A federal judge is allowing juvenile inmates to continue part of their lawsuit over filming of the television show “Empire” at a Cook County detention center.
The issue dates to the summer of 2015, when officials made the county’s Juvenile Temporary Direction Center available for Twentieth Century Fox Television to film scenes for the hit TV show. Minors — identified in the complaint only as T.S. and Q.B. — said filming restrictions such as otherwise unnecessary lockdowns changed the center’s essential rehabilitative and education nature and deprived pretrial detainees of schooling, family visits, their usual movement and attention to sick-call requests.
U.S. District Judge Amy J. St. Eve on April 20 issued an opinion on three motions to dismiss the minors’ 12-count first amended complaint, which took aim at Fox, as well as Cook County, the office of the chief judge of the Cook County Circuit Court and JTDC superintendent Leonard Dixon. While granting Fox dismissal on most of the claims, St. Eve allowed many complaints against Dixon and the county and judge’s office to persist.
On May 23, the minors filed a second amended complaint realleging four complaints against Fox — joint action liability, constitutional conspiracy, inducing county officials to breach fiduciary duties and a state law tort conspiracy — and adding an unjust enrichment claim. Fox again moved to dismiss the complaints, but St. Eve did not scuttle the entire action.
The plaintiffs said the filming violated their 14th Amendment due process rights, and brought the joint action liability claim as an argument Fox was acting under color of state law. In April, St. Eve said the minors didn’t allege an agreement in relation to a shared unconstitutional goal. The amended complaint referenced Fox’s pre-shoot scouting work and contract offers indicating an awareness of the changes they sought, but St. Eve said, even though Fox may have been aware of the possible rights infractions, there remains no evidence such infringement was the company’s actual goal.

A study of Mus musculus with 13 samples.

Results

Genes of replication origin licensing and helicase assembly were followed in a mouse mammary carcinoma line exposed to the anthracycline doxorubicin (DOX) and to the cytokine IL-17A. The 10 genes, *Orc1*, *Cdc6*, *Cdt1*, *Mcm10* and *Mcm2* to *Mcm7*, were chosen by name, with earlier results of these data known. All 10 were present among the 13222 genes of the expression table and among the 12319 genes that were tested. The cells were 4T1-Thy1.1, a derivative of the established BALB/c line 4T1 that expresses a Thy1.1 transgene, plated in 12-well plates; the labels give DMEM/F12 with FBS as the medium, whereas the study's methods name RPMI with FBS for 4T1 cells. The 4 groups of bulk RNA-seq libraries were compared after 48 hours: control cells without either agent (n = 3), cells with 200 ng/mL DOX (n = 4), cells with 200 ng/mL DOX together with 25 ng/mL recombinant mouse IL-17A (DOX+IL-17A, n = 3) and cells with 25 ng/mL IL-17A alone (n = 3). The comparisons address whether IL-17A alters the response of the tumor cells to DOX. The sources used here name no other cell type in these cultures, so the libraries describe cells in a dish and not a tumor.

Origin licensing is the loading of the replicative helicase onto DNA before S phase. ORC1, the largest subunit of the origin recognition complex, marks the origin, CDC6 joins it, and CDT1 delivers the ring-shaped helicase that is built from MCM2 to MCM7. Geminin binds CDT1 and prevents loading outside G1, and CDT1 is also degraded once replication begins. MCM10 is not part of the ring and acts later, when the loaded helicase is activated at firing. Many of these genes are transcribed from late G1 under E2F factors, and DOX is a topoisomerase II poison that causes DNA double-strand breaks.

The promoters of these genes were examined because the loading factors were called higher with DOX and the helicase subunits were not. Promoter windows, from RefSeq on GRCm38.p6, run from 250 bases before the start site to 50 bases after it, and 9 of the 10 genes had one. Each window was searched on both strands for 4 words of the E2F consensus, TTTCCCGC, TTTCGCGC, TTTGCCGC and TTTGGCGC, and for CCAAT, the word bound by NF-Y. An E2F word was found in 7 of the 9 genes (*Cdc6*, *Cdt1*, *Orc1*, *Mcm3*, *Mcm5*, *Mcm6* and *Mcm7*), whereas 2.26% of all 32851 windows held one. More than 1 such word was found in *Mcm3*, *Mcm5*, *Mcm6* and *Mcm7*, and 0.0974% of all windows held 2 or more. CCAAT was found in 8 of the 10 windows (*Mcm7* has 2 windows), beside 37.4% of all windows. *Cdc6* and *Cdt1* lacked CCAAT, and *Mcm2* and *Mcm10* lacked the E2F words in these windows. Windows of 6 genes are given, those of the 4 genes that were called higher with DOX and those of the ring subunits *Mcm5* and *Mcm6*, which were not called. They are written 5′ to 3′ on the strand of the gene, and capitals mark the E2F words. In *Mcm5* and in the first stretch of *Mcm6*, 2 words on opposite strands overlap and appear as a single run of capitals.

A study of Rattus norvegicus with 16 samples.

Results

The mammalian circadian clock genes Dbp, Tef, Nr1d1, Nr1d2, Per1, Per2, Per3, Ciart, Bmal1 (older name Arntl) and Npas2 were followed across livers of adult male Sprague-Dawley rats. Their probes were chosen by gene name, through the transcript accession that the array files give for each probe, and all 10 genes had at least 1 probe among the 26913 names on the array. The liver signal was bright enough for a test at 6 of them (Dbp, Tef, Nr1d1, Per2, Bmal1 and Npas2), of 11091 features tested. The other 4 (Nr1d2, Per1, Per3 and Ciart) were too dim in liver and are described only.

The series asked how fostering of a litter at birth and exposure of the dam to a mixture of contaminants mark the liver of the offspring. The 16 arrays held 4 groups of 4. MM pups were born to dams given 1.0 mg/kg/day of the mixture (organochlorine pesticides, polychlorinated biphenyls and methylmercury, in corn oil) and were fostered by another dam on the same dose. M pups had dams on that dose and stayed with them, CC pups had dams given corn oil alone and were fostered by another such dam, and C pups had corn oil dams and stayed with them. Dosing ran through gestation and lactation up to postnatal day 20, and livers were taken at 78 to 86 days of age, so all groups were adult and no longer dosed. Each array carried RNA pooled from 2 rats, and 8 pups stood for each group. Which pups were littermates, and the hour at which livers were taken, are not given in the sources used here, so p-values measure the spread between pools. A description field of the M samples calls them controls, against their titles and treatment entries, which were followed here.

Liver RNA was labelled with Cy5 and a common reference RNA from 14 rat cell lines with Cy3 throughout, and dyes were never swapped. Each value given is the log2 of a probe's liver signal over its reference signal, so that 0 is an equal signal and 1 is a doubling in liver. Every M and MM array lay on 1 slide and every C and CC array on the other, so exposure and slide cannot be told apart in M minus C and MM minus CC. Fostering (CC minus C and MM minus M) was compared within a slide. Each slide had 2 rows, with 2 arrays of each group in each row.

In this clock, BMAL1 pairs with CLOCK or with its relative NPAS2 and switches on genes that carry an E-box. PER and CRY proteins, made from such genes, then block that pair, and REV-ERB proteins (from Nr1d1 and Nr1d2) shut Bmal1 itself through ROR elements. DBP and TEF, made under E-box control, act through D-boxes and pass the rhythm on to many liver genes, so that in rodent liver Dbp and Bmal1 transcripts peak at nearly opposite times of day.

She dismissed that claim with prejudice, and used the same reasoning to strike down the constitutional conspiracy allegation, writing that “invoking the word ‘illicit’ does not necessarily describe a shared, unconstitutional goal, and it is well-established that vague allegations of a conspiracy between private and state actors do not bring private actors within the scope” of federal law.
The new allegations about the pre-filming work, however, proved helpful in sustaining the inducement claim, because the minors said the company offered to rent two floors of the detention center and pay wages and overtime for county staff, offers made conditional to administrators changing the normal operations. Absent that formal, financial offer, the center would not have disrupted its inmates’ routines.
Yet even with that count surviving, St. Eve still said the minors had not provided details sufficient to allege Fox and the county had a deal “for the purpose of accomplishing either an unlawful purpose or a lawful purpose by unlawful means,” a flaw that led her to dismiss the Illinois civil conspiracy claim.
St. Eve also allowed the unjust enrichment claim to stand, writing that, at this stage, it is not crucial to determine if the claim requires a predicate cause of action involving improper conduct. Moreover, she continued, minors’ plausibly alleged improper conduct with the tortious inducement claim, and also noted their explanations of how Fox benefitted economically from filming that relied on improper conduct, as well as from broadcasting the finished episodes.
The plaintiffs in the case are represented by attorneys with the firms of Eimer Stahl LLP and Weil & Chardon LLC, each of Chicago.
Fox is represented by the firm of Kelley Drye & Warren LLP, of New York and Chicago.
Cook County defendants is represented by the Cook County State’s Attorney’s Office.
And the Office of the Chief Judge is represented by the Illinois Attorney General’s Office, according to federal court records.